The 2020 Spending Review included £2.9 billion over three years for a Restart scheme, which promises ‘intensive and tailored support’ to over one million unemployed people. With further details still to be announced, it is crucial that thought is given to the significant challenges involved in providing career support at such a large and unprecedented scale.
With many workers facing job losses due to the triple threat of COVID-19, automation and Brexit, the demand for career advice is greater than ever. The success of the Restart scheme will depend in large part on the quality of this advice. Job and training recommendations need to be based on data that reflects the range of shocks impacting the labour market today.
Advice must also be tailored to the needs and skills of the individual. The consequences of poorly-tailored advice were seen in the recent resurfacing of a government-backed advertising campaign (from 2019) which encourages a ballerina (named ‘Fatima’) to give up her job and retrain in cybersecurity. The fiasco demonstrated how poor career advice can linger, and in turn, undermine public confidence.
At Nesta, we have been exploring how machine learning might help to inform career advice. By using thousands of descriptions about the skills and work activities required in different positions, we have created a map that shows the similarities between jobs. This map allows us to identify roles that are similar to a worker’s most recent position, whilst taking into account risks such as exposure to COVID-19 and the likelihood of automation. It can also be used to spot the new skills that a worker may need in order to move into a different role, and it can be used to suggest skills that are likely to increase the transferability of a worker’s skillset.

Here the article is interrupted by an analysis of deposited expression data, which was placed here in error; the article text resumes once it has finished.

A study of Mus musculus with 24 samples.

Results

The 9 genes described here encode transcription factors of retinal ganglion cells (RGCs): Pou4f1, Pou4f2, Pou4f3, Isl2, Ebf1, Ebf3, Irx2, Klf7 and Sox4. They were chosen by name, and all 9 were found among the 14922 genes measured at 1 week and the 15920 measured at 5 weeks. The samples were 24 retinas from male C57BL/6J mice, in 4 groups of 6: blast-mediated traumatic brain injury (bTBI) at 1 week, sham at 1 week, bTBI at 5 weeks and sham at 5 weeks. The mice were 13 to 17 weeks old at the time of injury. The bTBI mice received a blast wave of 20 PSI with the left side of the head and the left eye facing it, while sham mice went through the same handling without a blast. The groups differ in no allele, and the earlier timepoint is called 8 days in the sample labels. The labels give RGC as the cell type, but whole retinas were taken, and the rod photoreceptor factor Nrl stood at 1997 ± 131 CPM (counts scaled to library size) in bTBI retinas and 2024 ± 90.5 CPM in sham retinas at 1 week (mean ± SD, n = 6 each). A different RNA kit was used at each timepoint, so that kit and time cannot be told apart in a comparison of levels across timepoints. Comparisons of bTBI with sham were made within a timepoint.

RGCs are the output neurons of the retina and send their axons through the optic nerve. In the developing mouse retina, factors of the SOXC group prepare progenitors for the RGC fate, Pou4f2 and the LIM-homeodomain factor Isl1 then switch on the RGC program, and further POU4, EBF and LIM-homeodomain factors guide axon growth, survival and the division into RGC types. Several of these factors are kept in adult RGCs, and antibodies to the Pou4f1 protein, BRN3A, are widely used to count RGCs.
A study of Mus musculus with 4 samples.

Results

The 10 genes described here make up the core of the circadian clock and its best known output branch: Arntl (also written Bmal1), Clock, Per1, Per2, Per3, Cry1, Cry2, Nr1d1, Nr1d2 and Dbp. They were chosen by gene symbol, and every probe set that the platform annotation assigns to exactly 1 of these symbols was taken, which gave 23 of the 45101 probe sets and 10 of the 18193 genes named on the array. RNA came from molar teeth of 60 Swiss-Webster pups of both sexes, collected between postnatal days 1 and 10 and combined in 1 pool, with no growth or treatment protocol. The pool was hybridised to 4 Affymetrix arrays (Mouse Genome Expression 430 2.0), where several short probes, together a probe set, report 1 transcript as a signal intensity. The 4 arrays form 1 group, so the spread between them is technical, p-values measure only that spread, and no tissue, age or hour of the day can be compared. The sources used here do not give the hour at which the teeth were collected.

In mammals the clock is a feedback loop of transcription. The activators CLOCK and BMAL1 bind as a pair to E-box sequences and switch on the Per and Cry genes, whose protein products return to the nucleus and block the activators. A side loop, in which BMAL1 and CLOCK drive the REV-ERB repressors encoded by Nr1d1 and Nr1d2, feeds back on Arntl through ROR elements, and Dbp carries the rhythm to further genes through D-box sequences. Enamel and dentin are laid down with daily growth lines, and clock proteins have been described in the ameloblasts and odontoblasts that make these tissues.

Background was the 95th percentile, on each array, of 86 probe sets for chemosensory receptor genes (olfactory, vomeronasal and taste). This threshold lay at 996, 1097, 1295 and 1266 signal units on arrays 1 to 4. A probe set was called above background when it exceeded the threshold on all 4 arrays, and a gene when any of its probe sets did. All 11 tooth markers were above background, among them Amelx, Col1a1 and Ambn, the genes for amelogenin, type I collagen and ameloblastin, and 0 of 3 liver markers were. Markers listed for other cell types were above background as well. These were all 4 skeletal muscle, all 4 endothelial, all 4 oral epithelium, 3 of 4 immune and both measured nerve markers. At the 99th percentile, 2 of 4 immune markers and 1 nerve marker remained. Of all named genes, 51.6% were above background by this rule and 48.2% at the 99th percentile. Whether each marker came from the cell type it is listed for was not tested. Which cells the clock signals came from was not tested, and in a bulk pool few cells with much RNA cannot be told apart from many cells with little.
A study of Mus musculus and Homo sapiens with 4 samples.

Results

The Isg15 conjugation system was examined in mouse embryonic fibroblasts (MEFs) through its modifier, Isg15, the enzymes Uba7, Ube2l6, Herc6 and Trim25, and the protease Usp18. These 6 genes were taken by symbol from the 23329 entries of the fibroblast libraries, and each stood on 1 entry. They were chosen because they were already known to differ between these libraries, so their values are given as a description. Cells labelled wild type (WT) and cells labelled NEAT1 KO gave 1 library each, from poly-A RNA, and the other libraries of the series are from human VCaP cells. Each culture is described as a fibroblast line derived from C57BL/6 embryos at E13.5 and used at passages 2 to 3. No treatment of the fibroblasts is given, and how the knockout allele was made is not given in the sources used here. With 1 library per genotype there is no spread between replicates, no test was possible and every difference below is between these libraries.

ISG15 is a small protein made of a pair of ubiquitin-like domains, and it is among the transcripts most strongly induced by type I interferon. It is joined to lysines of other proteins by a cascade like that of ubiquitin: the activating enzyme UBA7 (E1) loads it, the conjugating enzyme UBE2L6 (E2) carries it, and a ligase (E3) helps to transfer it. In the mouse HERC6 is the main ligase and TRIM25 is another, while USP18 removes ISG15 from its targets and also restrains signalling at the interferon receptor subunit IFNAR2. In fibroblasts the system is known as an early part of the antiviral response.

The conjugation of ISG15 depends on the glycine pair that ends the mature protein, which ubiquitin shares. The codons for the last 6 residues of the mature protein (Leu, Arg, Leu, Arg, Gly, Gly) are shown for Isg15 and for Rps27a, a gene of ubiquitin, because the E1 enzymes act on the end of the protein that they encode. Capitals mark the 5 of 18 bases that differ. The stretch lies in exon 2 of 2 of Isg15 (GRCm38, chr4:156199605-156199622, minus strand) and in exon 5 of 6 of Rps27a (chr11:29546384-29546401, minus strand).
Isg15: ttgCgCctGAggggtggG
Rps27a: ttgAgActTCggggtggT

The scale of advice needed for the Restart scheme means that online tools (driven by algorithms) will be increasingly needed alongside other forms of delivery. The effectiveness of these tools depends critically on how they are built and used. Our own experience has led us to recommend four essential features:
Providing tailored careers advice to over one million people is a challenge that should not be underestimated. The government will require a range of tools to meet this challenge, and they will need to think carefully about how to deploy these tools in a way that empowers job seekers.